11:20pm Saturday 1st September 2012 in London Olympics 2012 - Latest News
Oscar Pistorius told his doubters to "look at the clock" after running a world record on his return to London and Paralympic competition tonight.
And he then stirred up controversy by questioning whether one of his rival's running blades might give him an advantage.
The South African, who last month became the first amputee sprinter to compete in an Olympics, clocked 21.30 seconds to win his heat of the T44 200m with effortless ease.
His crossover into non-disabled competition has made the Blade Runner a Paralympic icon and he received a huge ovation from the capacity crowd at the Olympic Stadium.
His time was a personal best and Pistorius admitted it took him by surprise.
"I couldn't have hoped for a better return here," he said. "I didn't expect to run a time like this tonight.
"I've run my fastest time and I eased off about 20 metres from the end because I knew I was comfortable and I wanted to conserve energy for (the final) tomorrow.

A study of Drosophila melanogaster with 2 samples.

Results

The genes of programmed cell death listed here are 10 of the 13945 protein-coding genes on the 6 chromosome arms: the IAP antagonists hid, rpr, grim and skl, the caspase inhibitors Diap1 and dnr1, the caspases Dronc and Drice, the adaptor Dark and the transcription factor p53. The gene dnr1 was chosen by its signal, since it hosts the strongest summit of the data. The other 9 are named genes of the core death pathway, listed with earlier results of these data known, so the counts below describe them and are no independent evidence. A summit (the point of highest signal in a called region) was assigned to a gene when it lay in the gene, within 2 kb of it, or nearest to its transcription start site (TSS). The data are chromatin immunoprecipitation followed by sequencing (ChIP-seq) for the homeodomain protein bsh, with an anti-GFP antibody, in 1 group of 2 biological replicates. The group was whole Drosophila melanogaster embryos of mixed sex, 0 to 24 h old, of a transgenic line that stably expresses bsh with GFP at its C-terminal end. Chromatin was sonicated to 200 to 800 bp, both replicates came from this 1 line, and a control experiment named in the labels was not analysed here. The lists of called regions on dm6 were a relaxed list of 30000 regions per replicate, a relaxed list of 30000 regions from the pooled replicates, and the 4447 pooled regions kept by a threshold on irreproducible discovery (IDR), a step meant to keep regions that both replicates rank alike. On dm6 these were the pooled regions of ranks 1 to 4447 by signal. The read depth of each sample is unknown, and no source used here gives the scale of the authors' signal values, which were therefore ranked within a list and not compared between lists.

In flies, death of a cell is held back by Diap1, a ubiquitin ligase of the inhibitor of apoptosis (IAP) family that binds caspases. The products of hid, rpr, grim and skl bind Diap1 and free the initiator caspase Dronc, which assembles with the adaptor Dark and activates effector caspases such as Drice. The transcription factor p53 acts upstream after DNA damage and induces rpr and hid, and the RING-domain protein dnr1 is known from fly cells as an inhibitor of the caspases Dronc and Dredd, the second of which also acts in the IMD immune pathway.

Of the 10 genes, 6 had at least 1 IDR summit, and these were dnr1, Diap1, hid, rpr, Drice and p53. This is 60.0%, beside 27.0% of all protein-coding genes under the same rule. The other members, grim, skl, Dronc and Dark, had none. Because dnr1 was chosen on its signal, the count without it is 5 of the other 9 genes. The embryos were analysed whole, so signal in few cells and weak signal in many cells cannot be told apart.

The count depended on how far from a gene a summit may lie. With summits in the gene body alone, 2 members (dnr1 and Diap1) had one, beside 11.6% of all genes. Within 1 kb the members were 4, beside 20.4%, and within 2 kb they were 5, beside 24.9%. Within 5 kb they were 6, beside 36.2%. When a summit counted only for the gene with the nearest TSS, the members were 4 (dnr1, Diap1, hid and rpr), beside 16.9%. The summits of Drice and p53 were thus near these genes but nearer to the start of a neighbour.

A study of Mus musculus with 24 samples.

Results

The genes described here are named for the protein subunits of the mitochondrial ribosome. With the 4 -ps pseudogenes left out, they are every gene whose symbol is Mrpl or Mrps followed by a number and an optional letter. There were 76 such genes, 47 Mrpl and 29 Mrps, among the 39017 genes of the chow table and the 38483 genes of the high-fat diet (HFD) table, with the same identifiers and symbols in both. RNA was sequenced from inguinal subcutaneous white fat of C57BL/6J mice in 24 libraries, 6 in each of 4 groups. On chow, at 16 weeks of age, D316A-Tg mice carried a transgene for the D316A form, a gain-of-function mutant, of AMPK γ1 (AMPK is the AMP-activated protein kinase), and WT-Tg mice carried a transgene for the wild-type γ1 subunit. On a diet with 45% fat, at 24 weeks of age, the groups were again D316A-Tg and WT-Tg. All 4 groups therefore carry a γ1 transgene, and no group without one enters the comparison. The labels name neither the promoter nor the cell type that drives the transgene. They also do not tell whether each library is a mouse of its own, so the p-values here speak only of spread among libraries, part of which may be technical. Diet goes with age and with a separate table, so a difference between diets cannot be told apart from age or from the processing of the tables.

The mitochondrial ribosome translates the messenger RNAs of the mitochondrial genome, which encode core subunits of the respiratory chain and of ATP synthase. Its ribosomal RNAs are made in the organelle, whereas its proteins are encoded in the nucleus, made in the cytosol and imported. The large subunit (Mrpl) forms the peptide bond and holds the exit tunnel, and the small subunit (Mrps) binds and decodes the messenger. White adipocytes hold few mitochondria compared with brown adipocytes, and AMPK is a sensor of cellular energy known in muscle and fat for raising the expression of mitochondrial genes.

"Everybody was saying, 'how can you peak for both (the Olympics and Paralympics)?'
"I've proved everybody wrong tonight, running a world record. If there were people that doubted by goals then go and look at the clock, it says 21.30."
Pistorius then questioned whether the International Paralympic Committee would have to look again at their blade rules after American Blake Leeper came storming past his South African team-mate Arnu Fourie in the previous heat.
Pistorius, who had to win a legal battle with the IAAF over his blades to be able to compete in the Olympics, suggested athletes were making themselves taller by using as long blades as possible.
"The rules allow the guys to make themselves a lot longer, longer than they would have been," he said.
"It is difficult, you saw Blake Leeper overtaking. He was five metres behind Arnu Fourie, he finished three metres ahead of him.
"I don't know what's happening there. Don't take away from his performance, I think he's a great athlete, but it's very clear that the guys have got very long strides."
The South African also hailed the atmosphere in the stadium, claiming it was as good as it had been for the Olympics.
The only man to compete in both said: "The crowd is exactly the same, as passionate, as exciting.
"It fees like you might as well be running in the Olympics. It's mind-blowing."